So long, and thanks for all the doughnuts | Bleader

Sunday, September 30, 2007

So long, and thanks for all the doughnuts

Posted By on 09.30.07 at 11:22 AM

Wednesday's always been my favorite day at the Reader. With a rolling press deadline of that afternoon/evening, all the writing, copyediting, fact-checking, proofreading, and headline punning has historically been done by Tuesday night, so all that's left to do on the editorial end is check page layouts--a blessing because at that point we were too fried to do much else.

What's kept us going every Wednesday for the last however many years is the time-honored Reader tradition of "donut duty"--a once rigorously administrated system in which two people are deputized each week to bring in fuel for the final sprint. That means a lot of doughnuts, coffee cake, and bagels, sure. (And a lot of spiking blood sugar around noon.) But it's also meant, variously, quiche,  salami and cheese, Jenni-O brown 'n' serve sausage, desultory boxes of dry cereal and jugs of milk, peanut butter and jelly, fruit salad, Hello Kitty-imprinted waffles, homemade muesli (complete with an informational handout explaining its Swiss provenance), hotly debated Vietnamese pastries, and some weirdly ubiquitous apple bread.

All that's changing now--as of September 27 our production department is gone.* So for their last Wednesday, we had to throw the best doughnut duty ever: bacon and sausage hot off the George Foreman grill, tissue-thin prosciutto and coppa, brie and talleggio and gouda, bagels and lox. But the piece de resistance was this beautiful tomato-cheddar pie, topped with a basil and cherry-tomato corsage and a scattering of tiny autumn leaves made out of dough. (Click on the images link below for more pix.) Outgoing art director Sheila Sachs stayed up all night Tuesday to make it as well as to sew herself a special new dress to wear on her last day. Her pie skills are obviously only one of the reasons she and her cohort will be horribly missed by everyone still on staff.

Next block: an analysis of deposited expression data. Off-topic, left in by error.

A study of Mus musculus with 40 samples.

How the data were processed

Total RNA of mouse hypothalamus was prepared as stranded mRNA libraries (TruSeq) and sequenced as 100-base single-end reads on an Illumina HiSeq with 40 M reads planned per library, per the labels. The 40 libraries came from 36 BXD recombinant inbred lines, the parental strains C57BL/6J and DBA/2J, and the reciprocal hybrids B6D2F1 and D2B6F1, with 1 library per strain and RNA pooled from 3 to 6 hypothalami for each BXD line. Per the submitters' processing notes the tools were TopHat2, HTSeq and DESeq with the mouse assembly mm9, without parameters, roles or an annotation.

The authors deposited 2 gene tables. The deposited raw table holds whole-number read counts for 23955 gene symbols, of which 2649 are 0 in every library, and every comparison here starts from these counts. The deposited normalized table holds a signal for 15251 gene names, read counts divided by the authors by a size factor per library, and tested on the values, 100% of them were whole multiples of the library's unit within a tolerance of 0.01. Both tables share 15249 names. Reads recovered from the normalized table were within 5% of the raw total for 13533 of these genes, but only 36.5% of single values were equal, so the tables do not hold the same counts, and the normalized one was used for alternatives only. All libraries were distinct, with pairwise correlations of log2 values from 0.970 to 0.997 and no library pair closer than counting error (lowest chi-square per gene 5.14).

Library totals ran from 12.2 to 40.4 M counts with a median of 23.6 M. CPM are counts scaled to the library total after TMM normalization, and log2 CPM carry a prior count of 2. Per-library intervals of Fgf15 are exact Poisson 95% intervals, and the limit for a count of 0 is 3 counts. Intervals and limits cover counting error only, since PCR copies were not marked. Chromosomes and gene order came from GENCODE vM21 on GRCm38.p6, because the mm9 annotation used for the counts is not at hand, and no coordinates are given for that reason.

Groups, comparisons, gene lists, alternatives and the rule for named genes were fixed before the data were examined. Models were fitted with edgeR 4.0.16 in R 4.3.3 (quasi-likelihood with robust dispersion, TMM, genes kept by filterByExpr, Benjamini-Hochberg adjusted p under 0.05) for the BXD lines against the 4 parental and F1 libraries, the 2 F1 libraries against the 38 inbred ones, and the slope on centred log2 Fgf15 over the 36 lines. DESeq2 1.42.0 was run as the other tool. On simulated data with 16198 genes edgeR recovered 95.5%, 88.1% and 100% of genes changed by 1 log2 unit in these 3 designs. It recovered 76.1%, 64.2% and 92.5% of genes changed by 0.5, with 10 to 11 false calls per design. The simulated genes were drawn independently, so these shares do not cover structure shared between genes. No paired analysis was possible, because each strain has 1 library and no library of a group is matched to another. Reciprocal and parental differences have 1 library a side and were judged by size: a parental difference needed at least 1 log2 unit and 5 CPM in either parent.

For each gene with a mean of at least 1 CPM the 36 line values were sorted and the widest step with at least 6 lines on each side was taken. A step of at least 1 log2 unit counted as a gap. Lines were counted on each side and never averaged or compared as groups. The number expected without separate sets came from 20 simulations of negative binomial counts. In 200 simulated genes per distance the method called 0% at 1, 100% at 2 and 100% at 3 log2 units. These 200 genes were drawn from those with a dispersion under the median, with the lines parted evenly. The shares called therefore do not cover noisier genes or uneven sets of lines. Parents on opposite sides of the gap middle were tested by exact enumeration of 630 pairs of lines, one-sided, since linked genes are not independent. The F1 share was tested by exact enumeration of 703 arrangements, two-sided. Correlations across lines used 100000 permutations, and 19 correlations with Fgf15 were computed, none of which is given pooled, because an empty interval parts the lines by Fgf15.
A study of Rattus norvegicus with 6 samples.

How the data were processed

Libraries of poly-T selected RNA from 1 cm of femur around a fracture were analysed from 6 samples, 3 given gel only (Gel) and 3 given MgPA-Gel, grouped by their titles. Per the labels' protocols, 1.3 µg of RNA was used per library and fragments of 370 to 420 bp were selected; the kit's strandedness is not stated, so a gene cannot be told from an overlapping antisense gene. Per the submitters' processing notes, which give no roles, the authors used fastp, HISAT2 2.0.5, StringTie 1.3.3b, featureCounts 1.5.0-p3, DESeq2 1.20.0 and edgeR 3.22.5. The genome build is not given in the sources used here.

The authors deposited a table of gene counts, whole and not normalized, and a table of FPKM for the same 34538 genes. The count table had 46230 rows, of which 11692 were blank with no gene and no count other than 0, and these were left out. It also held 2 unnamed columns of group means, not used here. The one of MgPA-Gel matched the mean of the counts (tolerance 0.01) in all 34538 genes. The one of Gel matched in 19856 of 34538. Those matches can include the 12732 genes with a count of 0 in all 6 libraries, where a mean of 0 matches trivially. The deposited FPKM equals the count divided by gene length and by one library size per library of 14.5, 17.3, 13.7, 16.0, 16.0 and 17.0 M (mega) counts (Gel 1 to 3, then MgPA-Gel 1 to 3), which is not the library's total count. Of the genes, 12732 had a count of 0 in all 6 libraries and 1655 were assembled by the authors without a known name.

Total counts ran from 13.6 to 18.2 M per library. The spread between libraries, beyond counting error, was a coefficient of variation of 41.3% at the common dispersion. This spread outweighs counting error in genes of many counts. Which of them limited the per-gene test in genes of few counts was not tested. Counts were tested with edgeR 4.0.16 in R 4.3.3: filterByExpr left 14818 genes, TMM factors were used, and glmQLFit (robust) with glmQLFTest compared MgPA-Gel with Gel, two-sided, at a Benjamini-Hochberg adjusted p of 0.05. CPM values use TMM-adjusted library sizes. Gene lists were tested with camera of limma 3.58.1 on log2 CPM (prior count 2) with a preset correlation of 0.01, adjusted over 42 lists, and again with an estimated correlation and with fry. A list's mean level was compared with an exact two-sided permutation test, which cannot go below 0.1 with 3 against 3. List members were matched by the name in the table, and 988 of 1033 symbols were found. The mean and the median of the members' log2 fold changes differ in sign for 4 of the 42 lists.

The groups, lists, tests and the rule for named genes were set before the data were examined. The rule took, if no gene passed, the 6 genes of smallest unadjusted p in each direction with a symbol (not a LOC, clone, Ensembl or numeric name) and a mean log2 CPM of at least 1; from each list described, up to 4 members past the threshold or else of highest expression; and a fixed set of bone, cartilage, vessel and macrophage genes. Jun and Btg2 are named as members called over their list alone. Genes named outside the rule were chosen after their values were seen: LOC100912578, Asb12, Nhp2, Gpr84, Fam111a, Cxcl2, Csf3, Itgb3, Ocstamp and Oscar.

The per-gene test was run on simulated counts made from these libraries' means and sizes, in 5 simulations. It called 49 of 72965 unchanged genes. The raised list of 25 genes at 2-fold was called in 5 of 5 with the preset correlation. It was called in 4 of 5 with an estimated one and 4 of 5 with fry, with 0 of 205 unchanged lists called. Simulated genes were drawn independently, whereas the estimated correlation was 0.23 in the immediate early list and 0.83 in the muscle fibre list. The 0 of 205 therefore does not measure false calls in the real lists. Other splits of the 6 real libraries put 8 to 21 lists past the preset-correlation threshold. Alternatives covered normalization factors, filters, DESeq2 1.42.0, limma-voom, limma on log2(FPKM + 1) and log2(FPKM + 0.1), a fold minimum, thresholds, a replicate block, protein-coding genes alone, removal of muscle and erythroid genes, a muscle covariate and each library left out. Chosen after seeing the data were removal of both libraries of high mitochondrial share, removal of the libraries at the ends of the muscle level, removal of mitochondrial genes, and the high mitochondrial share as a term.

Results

Over the weekend she sent us the recipe in an e-mail headed "YUMMY YUMMY YUMMY Tomato-Cheddar Pie YUMMY."

And that pretty much says it all.

Tomato-Cheddar Pie

2 cups all-purpose flour
1 tablespoon baking soda
1/4 teaspoon kosher salt
1/2 cup (1 stick) butter
3/4 cup milk

2 pounds plum tomatoes (about 10), peeled and sliced
1/4 cup fresh basil or oregano leaves, chopped
3 scallions, chopped, or 1/4 cup chopped chives
1-1/2 cups (about 6 ounces) shredded sharp Cheddar
1/3 cup mayonnaise
2 tablespoons lemon juice
1/2 teaspoon kosher salt
Freshly ground black pepper

Heat oven to 350 degrees Fahrenheit.

For the crust, place the flour, baking soda, salt and butter in a food processor fitted with a knife blade. Pulse until the butter is cut into small bits. With the motor running, slowly add the milk through the feed tube until the dough comes together and sits on the blade. Remove and divide in half. On a lightly floured counter, roll half the dough into an 11-inch round. Use it to line a 9-inch pie plate.

Layer the tomato slices, basil and scallions in the pie shell. Top with half the cheddar. In a small cup, combine the mayonnaise, lemon juice, salt, and a few grinds of pepper. Pour over the tomatoes and top with the remaining cheddar. Roll out the remaining dough and place it on top of the filling, folding the edge under and crimping it to seal. Cut three or four slits in the dough so the steam can escape. Bake for 45 to 50 minutes or until bubbly. (Cover lightly with foil if the crust begins to get too brown.) Remove from oven. Cool 10 minutes before cutting into wedges.


* Several members of the editorial staff are also gone--including me, though I'll continue to contribute to both the paper and this blog as a freelancer.